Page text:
Stationed in Ennis since August, Superintendent Peter Duff came to the post having spent the majority of his career in Dublin.
Earlier this year The Clare Champion examined heroin use in the county and having now settled into his new role in Ennis, the Dublin man says the issue of heroin use is a nationwide problem.
Superintendent Duff says the problem “is all relative”. Between 2002 and 2007, the number of prosecutions for heroin use has gone from one to 17 – a jump of 1600% and represents the largest percentage increase in the Mid-West during that period.
Accounting for the large jump, Superintendent Duff said, “It’s coming from a low base. If you take Dublin South Central for instance it went from 195 to 971 and in my former division in Dublin West, it went from 94 to 368, so although Clare has a 1600% rise, which seems significant, it is coming off a low base”.
The Superintendent is responsible for the Ennis District, covering operations in Ennis, Shannon and peripheral villages including Newmarket-on-Fergus, Quin and Sixmilebridge.
He admits there are “a number of people we know that are dependent on heroin in Ennis.” This grouping ranges from men and women from their early 20s to mid-40s, some Irish nationals and others from outside the country.
“We know they are dependent on it and have come to garda attention because of that dependence. There are varying degrees of dependency there. We would know who they are because they would come to attention for heroin use, they would be detected in possession of heroin, or using heroin or committing crime to feed a heroin habit. The demographic of heroin users in the Ennis is a very broad spread and is split fairly equally among men and women,” the Superintendent explained.
He reveals that while there has been a jump in the statistics since 2002, “there is nothing to say that it is on the increase”, but equally there is no evidence of it going away. “It’s still out there,” he noted.
According to the Superintendent, figures in 2008 show there were two detections for sale or supply of the drug in the region. That number went to 13 in 2009 and currently stands at eight for this portion of 2010.
“Realistically, there isn’t a town in Ireland that there isn’t a heroin addict in. There is someone using heroin in every town/village in Ireland and it doesn’t matter if it’s urban, rural, affluent or deprived or whatever, unfortunately heroin has affected all classes, it’s not unique to inner city Dublin or rural Clare.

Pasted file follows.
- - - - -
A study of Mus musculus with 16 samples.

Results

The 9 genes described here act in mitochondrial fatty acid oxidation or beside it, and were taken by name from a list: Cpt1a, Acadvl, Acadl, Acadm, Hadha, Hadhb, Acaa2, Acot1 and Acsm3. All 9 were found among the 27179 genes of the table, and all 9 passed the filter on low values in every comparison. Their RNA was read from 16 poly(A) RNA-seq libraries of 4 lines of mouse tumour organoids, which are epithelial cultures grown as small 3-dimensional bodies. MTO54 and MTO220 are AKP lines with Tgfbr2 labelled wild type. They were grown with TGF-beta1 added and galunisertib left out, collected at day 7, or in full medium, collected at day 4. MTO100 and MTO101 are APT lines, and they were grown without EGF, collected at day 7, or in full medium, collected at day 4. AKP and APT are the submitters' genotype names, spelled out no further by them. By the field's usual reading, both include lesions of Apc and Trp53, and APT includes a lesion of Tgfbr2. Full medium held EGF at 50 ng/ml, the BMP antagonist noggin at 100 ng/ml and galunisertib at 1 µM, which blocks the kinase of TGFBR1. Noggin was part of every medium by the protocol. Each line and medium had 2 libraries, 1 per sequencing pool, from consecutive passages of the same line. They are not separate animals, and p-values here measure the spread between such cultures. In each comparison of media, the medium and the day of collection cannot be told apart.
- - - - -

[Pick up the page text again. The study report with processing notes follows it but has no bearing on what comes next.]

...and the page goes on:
“There has been a heroin seizure in the last two years in eight of the sub districts of Ennis, including Quin and Crusheen. Still I don’t think there isn’t a garda district in the country that hasn’t had a heroin seizure. That being said, there is nothing to say that it is on the increase. It is just not unique to the major urban centres anymore,” he said, adding that people are more mobile now and roads are better.
He acknowledged there is heroin for sale in Ennis but admits its supply is generally at a low level.
“We are not worrying about gangs, there is no evidence or no intelligence that there is any type of gang or organised supplier of heroin in the Ennis area, it is all low key. It’s mainly people supplying among their immediate circle.
Supt Duff explained that since starting out in the guards in Fitzgibbon Street in North Inner City Dublin he has experienced a lot of problems connected with heroin, from drug addicts to drug addicts committing crime to feed the habit to drug addicts dying because of heroin use.
“I have every sympathy for drug addicts and I have every sympathy for their families as well – I’ve experienced it in Dublin. I’ve seen people who have been ravaged because of heroin over the years and the impact that can have on a family and a community.
“It’s been well publicised the risks of sharing needles. I’ve seen cases where people I’ve known in Dublin have gone on heroin and become heroin addicts. they have contracted HIV AIDS and a number of them have passed away over the years. These are people I would have known as a garda on the beat in Fitzgibbon Street. It is very sad when you see their families and when you realise that these people are deceased due to an overdose of heroin, or HIV or some other consequence of taking drugs,” he said.
The Ennis Superintendent believes that education and prevention is key to preventing other families going through that hardship.
“It is basically about educating young people on what the consequences are with taking drugs and not just from a legal point of view – that they could get arrested and prosecuted and brought to court – but the health implications and the implications for their family and their futures. So it’s not all enforcement, it is a two-pronged approach to it. If we can prevent someone from experimenting with drugs it’s much more beneficial to us as a whole,” he stressed.
The gardaí, as part of the community policing programme and the schools programme, are involved in the education of drug abuse, across a whole range of drug abuse including alcohol among young people. Superintendent Duff said gardaí are available to address communities on any issue of concern to them and are often assisted by the Garda National Drugs Unit and the Garda community relations office in Harcourt Square, Dublin as well as by the own local drug officers.
Anyone with information on drug abuse happening in their area or who would like to talk in confidence to a member of the gardaí about issues surrounding drug use can do so by contacting the Garda Confidential line 1800 666111 or call Ennis Garda Station on 065 6848100.